What is intestinal angina?


For months I’ve experienced severe pain in my abdomen after eating. After excluding a number of other conditions, my doctor diagnosed intestinal angina. I’ve heard of angina related to the heart — is this the same?


The underlying process is the same for intestinal and cardiac angina. Let me explain.

Cholesterol-filled plaque and clots can lurk in blood vessels throughout the body. The arteries that supply the heart are by far the most common hiding place. But arteries elsewhere in the body can also become severely narrowed by plaque.

Clogged vessels in the legs or arms can lead to limb pain during exercise, because the nearby muscles don’t get enough blood to work properly. This is called peripheral artery disease, or PAD. People with PAD are also at risk for narrowing in the arteries that feed the intestines.

Your digestive system ordinarily gets about 20 to 25 percent of the blood pumped out by your heart. After you eat, blood flow to the stomach and intestines almost doubles. But if plaque causes severe narrowing, not enough of that extra blood reaches the intestines when they’re working to digest food. People usually don’t develop symptoms unless at least two of the three major arteries to the bowel are involved.

These narrowed vessels cause intestinal angina. The classic symptom is pain in the abdomen, just above the navel, that occurs about 30 minutes after eating. This pain happens every time you eat, not just some of the time. People often describe the pain as an aching sensation that lasts from one to two hours. Other possible symptoms include diarrhea, nausea and vomiting. Intestinal angina symptoms are so unpleasant that people with this condition are often afraid to eat.

Treating intestinal angina means restoring blood flow to the intestines. In most cases, doctors thread a catheter (a thin plastic tube) through several arteries until the tip of the catheter is at the site of the blockage. Then they insert a tiny metal mesh tube (stent) to prop open the artery. (This is very similar to the procedure performed to treat narrowed coronary arteries.) But just like stented coronary arteries, intestinal arteries are prone to re-narrowing. Some people with more advanced disease need surgery.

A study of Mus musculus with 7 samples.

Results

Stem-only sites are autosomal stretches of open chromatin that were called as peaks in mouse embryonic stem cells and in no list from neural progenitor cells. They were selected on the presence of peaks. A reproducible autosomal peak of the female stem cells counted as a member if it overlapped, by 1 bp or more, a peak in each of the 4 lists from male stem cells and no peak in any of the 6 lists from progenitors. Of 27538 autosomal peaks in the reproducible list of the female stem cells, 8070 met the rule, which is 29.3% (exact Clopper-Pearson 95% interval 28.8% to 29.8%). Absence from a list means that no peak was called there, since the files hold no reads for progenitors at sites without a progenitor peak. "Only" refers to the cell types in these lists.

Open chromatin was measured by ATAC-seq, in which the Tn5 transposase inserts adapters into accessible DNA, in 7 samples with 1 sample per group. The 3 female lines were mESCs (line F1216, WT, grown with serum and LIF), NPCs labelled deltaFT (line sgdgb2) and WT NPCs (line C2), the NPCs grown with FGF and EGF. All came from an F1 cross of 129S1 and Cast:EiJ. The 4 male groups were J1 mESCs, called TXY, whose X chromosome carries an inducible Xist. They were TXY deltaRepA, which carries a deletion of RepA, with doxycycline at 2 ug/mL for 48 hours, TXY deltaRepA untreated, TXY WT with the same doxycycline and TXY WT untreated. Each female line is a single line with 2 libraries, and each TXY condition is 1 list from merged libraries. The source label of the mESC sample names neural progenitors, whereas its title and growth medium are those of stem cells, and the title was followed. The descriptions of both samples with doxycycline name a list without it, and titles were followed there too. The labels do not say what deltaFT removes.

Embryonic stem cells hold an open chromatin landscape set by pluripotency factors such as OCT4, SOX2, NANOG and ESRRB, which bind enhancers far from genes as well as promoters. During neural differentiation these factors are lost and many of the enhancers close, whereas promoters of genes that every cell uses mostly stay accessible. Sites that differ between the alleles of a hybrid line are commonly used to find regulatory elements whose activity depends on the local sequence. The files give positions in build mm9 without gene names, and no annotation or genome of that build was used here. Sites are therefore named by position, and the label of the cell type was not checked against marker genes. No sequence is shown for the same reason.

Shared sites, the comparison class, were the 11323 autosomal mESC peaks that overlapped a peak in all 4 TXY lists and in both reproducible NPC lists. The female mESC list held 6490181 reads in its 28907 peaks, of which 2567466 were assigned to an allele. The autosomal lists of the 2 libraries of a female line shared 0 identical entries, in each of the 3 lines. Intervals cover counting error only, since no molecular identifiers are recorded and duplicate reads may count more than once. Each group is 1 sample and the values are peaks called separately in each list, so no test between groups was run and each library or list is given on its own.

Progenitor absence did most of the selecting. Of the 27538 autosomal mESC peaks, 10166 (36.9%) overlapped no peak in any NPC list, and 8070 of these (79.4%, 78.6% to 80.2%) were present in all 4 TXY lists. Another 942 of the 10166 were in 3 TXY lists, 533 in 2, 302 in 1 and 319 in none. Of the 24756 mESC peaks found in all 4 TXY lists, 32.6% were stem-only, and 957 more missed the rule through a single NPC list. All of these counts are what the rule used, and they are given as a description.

In rare cases, a blood clot may completely block an intestinal artery. This causes intense abdominal pain that can last for several hours. A complete blockage requires emergency surgery. Otherwise, the part of the intestine that is downstream from the blockage begins to die. If it is not promptly corrected, the condition is often fatal. The parallels to angina of the heart and a full heart attack are clear.

A doctor colleague of mine began to experience abdominal pain following every meal. At first he thought it was heartburn. But he began to wonder if it was intestinal angina. Then one night he was awakened by more severe pain in the same part of his abdomen. He hadn’t eaten in seven hours. Fortunately, he realized what was happening, went to the emergency room and then promptly to surgery. They removed a part of his intestine that had died and saved his life.